Thursday, February 28, 2008

Context: Buckley and the Nixon Pardon

After having browsed through the William F. Buckley Archive at Hillsdale College, I note that the man actually wrote many an editorial on the pardon power, both state and federal. I thought I would summarize highlights in what I found in two or three posts, beginning with what most under-informed persons consider the Mother of All Pardons: Gerald Ford's pardon of Richard Nixon. In his editorial of September 12, 1973, Buckley addressed what he felt were the major objections to the pardon. Some of his commentary remains impressively relevant to clemency issues today.

Buckley rejected the notion that Nixon has not "shown a proper contrition" and did not "apologize" for his actions and dismissed the complaint that the pardon precluded the establishment of his guilt. As far as Buckley was concerned, there wasn't "anyone around" who did not believe Nixon was "in fact guilty of complicity in the cover-up." Thus, "to demonstrate it before a jury would be a venture in redundancy." Buckley argued that Nixon's critics simply wanted an Eichmann-like "show trial" and Gerald Ford rightly "declined to appease."

Buckley then rebuffed the concern that Ford's pardon highlighted the notion that all men were not really "equal" under the law. He noted:
So long as the prerogative [of Executive clemency] exists it is precisely a call to discrimination. President Lincoln, commuting the sentence of death for a lonely private on one occasion in the Civil War, would not have denied that he had discriminated in favor of the object of his compassion. If it required to be proved, before an Executive can extend clemency, that everyone else in identical circumstances also receive clemency, the instrument would never be used, because research into the question would be endless, and conclusions ambiguous.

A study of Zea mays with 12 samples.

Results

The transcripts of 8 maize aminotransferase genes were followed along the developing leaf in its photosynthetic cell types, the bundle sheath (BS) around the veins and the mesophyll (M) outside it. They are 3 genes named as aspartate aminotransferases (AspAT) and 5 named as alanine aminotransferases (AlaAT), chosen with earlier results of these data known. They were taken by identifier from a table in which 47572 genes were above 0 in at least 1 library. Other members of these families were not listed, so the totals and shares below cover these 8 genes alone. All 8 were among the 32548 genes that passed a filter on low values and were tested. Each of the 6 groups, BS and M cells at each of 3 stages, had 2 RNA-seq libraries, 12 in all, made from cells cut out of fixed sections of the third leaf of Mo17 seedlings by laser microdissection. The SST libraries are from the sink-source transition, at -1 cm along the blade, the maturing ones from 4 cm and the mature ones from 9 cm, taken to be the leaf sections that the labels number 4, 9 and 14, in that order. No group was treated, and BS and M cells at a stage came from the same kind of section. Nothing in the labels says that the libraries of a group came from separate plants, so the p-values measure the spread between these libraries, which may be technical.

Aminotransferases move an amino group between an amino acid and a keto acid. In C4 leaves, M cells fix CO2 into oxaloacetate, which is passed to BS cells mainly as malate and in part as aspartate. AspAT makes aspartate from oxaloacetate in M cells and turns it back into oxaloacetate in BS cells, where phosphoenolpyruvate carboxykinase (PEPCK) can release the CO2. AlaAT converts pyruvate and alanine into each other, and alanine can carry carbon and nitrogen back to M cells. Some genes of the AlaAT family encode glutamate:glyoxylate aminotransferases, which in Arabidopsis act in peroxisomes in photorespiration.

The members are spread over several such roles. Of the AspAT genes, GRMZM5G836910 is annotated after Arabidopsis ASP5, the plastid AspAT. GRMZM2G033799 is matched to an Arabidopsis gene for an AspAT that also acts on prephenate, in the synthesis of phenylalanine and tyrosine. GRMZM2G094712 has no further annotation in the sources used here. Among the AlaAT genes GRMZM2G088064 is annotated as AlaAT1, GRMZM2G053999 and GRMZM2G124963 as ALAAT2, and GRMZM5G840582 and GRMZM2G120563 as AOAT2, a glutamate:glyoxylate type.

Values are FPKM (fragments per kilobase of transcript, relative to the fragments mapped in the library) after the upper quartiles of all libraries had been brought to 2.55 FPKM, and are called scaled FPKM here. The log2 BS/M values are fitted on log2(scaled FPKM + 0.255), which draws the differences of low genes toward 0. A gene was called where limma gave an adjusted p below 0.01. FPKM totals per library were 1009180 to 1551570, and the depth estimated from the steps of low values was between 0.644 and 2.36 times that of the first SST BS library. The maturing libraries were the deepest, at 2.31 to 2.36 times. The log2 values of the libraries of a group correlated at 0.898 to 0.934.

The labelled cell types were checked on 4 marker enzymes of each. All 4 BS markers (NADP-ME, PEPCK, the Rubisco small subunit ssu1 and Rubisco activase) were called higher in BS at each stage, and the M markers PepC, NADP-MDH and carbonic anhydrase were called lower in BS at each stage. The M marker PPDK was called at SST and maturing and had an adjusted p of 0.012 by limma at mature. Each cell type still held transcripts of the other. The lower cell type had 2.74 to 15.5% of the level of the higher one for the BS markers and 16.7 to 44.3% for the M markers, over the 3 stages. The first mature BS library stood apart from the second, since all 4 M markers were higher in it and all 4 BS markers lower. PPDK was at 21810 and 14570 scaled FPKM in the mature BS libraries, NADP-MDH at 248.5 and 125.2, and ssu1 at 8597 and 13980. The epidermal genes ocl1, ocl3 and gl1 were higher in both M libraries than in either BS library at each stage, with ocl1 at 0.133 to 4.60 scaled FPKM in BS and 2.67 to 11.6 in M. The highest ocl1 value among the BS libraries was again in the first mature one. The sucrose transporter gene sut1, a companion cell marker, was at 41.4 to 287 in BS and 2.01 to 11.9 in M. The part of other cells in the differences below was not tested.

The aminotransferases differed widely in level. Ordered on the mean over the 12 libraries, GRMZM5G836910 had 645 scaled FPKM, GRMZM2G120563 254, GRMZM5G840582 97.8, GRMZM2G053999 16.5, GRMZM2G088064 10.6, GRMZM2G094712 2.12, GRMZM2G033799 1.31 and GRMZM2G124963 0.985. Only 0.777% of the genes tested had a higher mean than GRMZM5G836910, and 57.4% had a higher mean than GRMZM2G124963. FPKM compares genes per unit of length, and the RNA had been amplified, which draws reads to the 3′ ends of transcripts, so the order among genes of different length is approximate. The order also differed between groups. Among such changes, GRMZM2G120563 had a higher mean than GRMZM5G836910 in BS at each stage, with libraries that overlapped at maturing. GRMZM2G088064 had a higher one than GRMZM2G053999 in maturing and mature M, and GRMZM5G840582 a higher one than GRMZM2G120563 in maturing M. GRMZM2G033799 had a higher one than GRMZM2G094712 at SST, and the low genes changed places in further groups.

Similarly, Buckley found the feigned concern for Nixon's confederates misplaced. Nixon's "principle offense" was a "political crime" in that he "lied systematically to the American people." The June tape that represented the proximate cause for his resignation revealed only that he "maneuvered while in the White House to discourage an investigation, pleading national security." Buckley labeled this an "utterly trivial offense" that was "magnified by Mr. Nixon's public posture" and wrote:
For this he has been brutally - though fairly - punished. Ejected from the White House, exiled from the esteem of the countrymen who had given him the greatest vote in Presidential history; that was his punishment. So we want to send him to jail for double parking?
Finally, Buckley addressed the "hysteria" that critics in the press ginned up with constant reference to failing the Republic, making a mockery of the justice system, undermining human values, clouding the historical record, etc. He called such language "an ugly phenomenon" but, more interestingly "self-justifying."

Buckley concluded Gerald Ford has acted "honorably, prudently, and charitably." So, he probably enjoyed no small sense of pleasure as he wrote about the "Latest Profile in Courage" in his editorial of May 22, 2001. Senator Edward Kennedy confessed that he was one of those who "spoke out against" Ford's pardon but added:
... time has a way of clarifying past events, and now we see that President Ford was right. His courage and dedication to our country made it possible for us to begin the process of healing and put the tragedy of Watergate behind us.
Buckley, however, found problems with Kennedy's reasoning for the award, as it was linked to the impeachment of Bill Clinton (who did not acknowledge his offenses, take responsibility for the enormous distraction they had created and resign from office). Buckley did give points to Kennedy for having a "nice intermediate moment."